Miracles sound different to the very young than they do to adults, and, frankly a miracle is in the eye of the beholder. They are, most often very personal, and from any other person’s perspective, could just as easily be attributed to good luck. I remember twenty years ago, during my interview for Rabbinical school, I was asked the question, “Do you believe in miracles?”
“Was the Red Sea’s parting a miracle?”
“I don’t believe I can really know which event is or isn’t a miracle,” I answered, “For me, it’s enough to know that they happen.”
I’ve come to this comfortable place about miracles. If someone has a story to share that he or she considers miraculous, I ask myself the question, “Is there any harm in me accepting this as miraculous? What if I’m wrong?” Truth is, I’m wrong about so much about ‘factual life’ that the harm in being wrong once more is not a dangerous risk. Consider the following story a former congregant shared with me about her mother who stayed home with her grandson so that mom could return to work:
Bubbe Shirley spent (‘Bubby’ is a Yiddish term of endearment for grandmother) every day with Benjamin, and they loved each other very much. It was Bubby Shirley that took little Benny to and from pre-school, who took him to the store, sang songs with him, and best of all walked along the beach picking up shells with Benny. It was terrifying to the whole family when Bubby Shirley discovered that she had stage IV breast cancer, that the tumors had metastasized, and that her lungs and liver were compromised. The clock was ticking. There was no sense in operating, but there was time for a family trip. Bubby Shirley took her daughter and grandson to Florida, where on another walk along the beach she and Benny found their biggest shell ever, a conch shell in which one can hear the sound of the ocean or blow into it and make a deep trumpet sound.
Soon after Bubby Shirley died. Her daughter was beside herself, not just for her own loss, but her son’s.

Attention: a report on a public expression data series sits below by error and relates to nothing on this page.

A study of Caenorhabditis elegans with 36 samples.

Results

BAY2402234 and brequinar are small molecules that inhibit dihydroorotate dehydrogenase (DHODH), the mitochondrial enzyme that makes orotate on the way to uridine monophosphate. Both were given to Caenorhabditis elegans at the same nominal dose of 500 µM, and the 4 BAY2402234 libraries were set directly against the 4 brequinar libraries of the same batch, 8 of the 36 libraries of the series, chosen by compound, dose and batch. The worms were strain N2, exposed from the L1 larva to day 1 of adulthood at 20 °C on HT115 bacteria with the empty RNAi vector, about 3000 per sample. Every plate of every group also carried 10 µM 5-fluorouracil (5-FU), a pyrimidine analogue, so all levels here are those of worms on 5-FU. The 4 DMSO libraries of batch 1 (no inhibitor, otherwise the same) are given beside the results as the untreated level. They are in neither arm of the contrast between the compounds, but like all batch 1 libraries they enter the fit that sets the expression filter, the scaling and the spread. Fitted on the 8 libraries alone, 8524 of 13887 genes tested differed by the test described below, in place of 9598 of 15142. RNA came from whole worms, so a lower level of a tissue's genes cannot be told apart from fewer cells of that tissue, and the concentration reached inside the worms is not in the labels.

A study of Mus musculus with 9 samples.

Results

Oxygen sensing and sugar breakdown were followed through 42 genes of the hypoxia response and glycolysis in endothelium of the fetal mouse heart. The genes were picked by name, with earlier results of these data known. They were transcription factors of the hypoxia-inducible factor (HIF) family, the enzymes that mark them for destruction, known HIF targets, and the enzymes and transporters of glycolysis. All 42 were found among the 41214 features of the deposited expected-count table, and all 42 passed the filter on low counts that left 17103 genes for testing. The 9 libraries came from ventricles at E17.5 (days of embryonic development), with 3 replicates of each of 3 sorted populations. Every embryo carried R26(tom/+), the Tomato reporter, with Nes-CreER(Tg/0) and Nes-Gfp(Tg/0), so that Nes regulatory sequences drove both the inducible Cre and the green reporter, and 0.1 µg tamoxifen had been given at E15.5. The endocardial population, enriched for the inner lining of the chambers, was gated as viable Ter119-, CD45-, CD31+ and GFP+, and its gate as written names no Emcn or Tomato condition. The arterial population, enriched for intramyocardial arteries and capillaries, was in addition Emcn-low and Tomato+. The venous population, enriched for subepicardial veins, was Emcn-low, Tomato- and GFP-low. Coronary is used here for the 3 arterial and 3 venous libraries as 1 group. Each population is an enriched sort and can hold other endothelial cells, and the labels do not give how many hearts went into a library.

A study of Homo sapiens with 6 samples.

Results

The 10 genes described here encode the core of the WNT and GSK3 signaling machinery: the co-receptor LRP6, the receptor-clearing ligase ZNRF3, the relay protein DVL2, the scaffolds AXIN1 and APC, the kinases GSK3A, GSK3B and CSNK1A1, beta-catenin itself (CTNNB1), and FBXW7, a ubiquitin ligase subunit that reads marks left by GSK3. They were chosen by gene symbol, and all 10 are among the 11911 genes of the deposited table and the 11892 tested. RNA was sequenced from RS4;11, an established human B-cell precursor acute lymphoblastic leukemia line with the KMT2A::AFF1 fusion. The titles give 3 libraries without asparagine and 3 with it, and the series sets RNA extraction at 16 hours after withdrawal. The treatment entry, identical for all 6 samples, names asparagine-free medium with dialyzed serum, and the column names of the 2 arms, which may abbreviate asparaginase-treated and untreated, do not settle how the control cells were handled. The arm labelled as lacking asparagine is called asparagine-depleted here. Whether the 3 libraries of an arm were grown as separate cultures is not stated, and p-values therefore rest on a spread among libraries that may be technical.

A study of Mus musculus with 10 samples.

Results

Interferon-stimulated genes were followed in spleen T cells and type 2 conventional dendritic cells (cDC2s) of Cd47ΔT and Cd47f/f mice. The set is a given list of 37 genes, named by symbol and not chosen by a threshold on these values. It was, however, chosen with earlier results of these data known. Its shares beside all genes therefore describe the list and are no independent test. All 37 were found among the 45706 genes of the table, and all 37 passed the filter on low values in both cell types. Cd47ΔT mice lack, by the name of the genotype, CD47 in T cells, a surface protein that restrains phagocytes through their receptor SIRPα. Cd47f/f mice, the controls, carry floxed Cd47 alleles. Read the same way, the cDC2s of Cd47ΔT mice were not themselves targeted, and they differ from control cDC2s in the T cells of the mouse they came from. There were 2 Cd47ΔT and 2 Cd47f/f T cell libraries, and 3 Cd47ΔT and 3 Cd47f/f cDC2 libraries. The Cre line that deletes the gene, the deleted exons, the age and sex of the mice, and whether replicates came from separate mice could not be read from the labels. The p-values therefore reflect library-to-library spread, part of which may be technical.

On the first day of kindergarden Benny’s mother was in the kitchen crying, her mother should have been here for this. She pulled herself together, for Benny, and went to his room to leave. Benny sat on his made bed with his Barney backpack on, and the conche shell to his ear like a telephone.
“OK, Benny, it’s time to go.”
“Shhh,” he said, “It’s Bubby Shirley.”
Benny’s mother thought that maybe he was worried about taking such a big step without his grandmother. Perhaps she could find out what specifically he was worried about.
“What are you telling her,” she asked. “I’m not saying anything. She’s talking to me.”
“What is she saying?”
“She said that she’s fine and that you will be too,” and with that he hung up the shell and was ready to go.
Is there a great risk in believing that a connection between heaven and earth was being made? My opinion is ‘no’. I prefer to suspend judgement. The troubling things in life have a way of seeming bigger than they really are, why not allow the miraculous a chance as well.
Hag Urim Sameach (Happy Holiday of Lights). May this season fill you and yours with the sense of the closeness of the miraculous.
P.S. Inspire others. Post a miracle story.
Pronounced: KHAH-nuh-kah, also ha-new-KAH, an eight-day festival commemorating the Maccabees’ victory over the Greeks and subsequent rededication of the temple. Falls in the Hebrew month of Kislev, which usually corresponds with December.